Navalny's whereabouts are unknown and a Russian prison says he's no longer there, a spokeswoman says

TALLINN, Estonia (AP) — The whereabouts of Russian opposition leader Alexei Navalny were unknown on Monday as officials at the penal colony where he is serving his sentence told one of his lawyers that he is no longer on the inmate roster, his spokeswoman said.

It had been nearly a week since the spokeswoman, Kira Yarmysh, had contacted Navalny. Prison officials “refuse to say where they transferred him,” she said in posts on X, formerly known as Twitter.

A Navalny lawyer waiting at another penal colony in the region where he could have been transferred was told the facility had no such inmate, Yarmysh said.

“It remains unclear where Alexei is,” she wrote.

Navalny has been serving a 19-year term on charges of extremism in a maximum-security prison, Penal Colony No. 6, in the town of Melekhovo in the Vladimir region, about 230 kilometers (140 miles) east of Moscow. He was due to be transferred to a “special security” penal colony, a facility with the highest security level in the Russian penitentiary system.

Russian prison transfers are notorious for taking a long time, sometimes weeks, during which there’s no access to prisoners and information about their whereabouts is limited or unavailable. Navalny could be transferred to one of a number of such penal colonies across Russia.

Yarmysh earlier on Monday said that Navalny was due to appear in court that day via video link but did not, and that it has been six days since his lawyers or allies last heard from him.

Navalny, 47, has been behind bars since January 2021. As President Vladimir Putin’s fiercest foe, he campaigned against official corruption and organized major anti-Kremlin protests. His arrest came upon his return to Moscow from Germany, where he recuperated from nerve agent poisoning that he blamed on the Kremlin.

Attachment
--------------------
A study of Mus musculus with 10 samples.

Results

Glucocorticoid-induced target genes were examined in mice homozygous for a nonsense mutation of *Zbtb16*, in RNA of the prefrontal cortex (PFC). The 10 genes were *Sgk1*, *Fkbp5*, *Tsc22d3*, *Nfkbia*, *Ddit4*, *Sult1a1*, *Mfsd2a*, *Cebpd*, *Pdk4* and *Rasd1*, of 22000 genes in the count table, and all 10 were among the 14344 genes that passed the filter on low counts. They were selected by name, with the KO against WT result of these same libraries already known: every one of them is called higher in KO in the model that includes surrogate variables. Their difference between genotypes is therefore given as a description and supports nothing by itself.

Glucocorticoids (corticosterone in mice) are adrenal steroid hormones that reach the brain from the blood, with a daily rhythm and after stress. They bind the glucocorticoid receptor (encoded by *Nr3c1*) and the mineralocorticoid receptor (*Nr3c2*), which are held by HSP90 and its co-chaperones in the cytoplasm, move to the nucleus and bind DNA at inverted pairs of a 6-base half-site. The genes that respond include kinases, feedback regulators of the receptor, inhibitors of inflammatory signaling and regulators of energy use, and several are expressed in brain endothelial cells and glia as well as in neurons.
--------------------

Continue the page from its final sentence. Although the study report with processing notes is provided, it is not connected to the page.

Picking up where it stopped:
Navalny has since been handed three prison terms and spent months in isolation in the penal colony in the Vladimir region for alleged minor infractions.

He has rejected all charges against him as politically motivated.

Last week, Yarmysh said that for three days in a row Navalny's lawyers spent hours at the penal colony waiting for permission to visit him, only to be turned away at the last minute. Letters to the politician were not being delivered, and he didn't appear at scheduled court hearings via video link.

Yarmysh said Friday that the developments were concerning given that Navalny recently fell ill: “He felt dizzy and lay down on the floor. Prison officials rushed to him, unfolded the bed, put Alexei on it and gave him an IV drip. We don’t know what caused it, but given that he’s being deprived of food, kept in a cell without ventilation and has been offered minimal outdoor time, it looks like fainting out of hunger.”

She added that lawyers visited him after the incident and he looked “more or less fine.”

Concerns about Navalny reverberated across the globe. White House national security council spokesman John Kirby on Monday said that Navalny “should be released immediately” and “should never have been jailed in the first place.”

"And we’re going to work with our embassy in Moscow to see how much more we can find out,” Kirby said.

___

Associated Press writer Chris Megerian aboard Air Force One contributed to this report.